Election Day in Chicago was “smooth and uneventful,” Chicago election officials said Tuesday.
All polling places are set to close at 7 p.m. since all opened on time thanks to a surge of young adults serving as election judges as well as successful early voting and vote-by-mail operations, said Jim Allen, a spokesperson for the Chicago Board of Election Commissioners.
PHOTOS & VIDEO: Scenes from Election Day in Chicago
That is a significant change since the March 17 primary, at the start of the coronavirus pandemic, when nearly 10% of polling places did not open on time and dozens of polling places had to be moved at the last minute.
Only one polling place had to be moved at the request of the property owner on Monday, Allen said. All voters in the 38th precinct of the 28th Ward should head to the West Side Learning Center, 4624 W. Madison St., he said.
The most significant incident on Election Day occurred at Otis school, 525 N. Armour St., in West Town, when the sprinklers went off, dousing voters and poll workers, Allen said. Voters were redirected to the polling place at the Goldblatt’s building, 1615 W. Chicago Ave. Allen said it did not appear that any marked ballots had been damaged.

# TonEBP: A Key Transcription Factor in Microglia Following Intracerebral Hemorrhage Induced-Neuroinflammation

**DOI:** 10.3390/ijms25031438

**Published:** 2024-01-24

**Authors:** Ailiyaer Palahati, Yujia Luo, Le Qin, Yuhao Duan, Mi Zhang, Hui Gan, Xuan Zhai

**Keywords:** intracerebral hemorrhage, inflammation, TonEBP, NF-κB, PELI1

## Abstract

While officials expected a strong and solid turnout of approximately 75%, Allen said it would likely fall short of the 82% turnout record set in 1983 when Harold Washington was elected Chicago mayor.
The results from this election will likely have lasting impact on the way Chicagoans cast their ballots, Allen said. Voters embraced drop boxes as a way to return mail-in ballots, Allen said.
“Overall, the mail-in program was very successful,” Allen said. By Tuesday evening, 85% of all mail-in ballots had been received. In past years, officials were pleased to reach the 83% mark two weeks after Election Day, when the votes are set to be certified and finalized.
Video: Cook County Clerk Karen Yarbrough speaks with Paris Schutz.
Chicago voters cast 784,198 early and mail-in ballots before polling places opened on Election Day — an 87% increase from 2016 and equal to 71% of all ballots cast in 2016, according to data provided by the Chicago Board of Election Commissioners.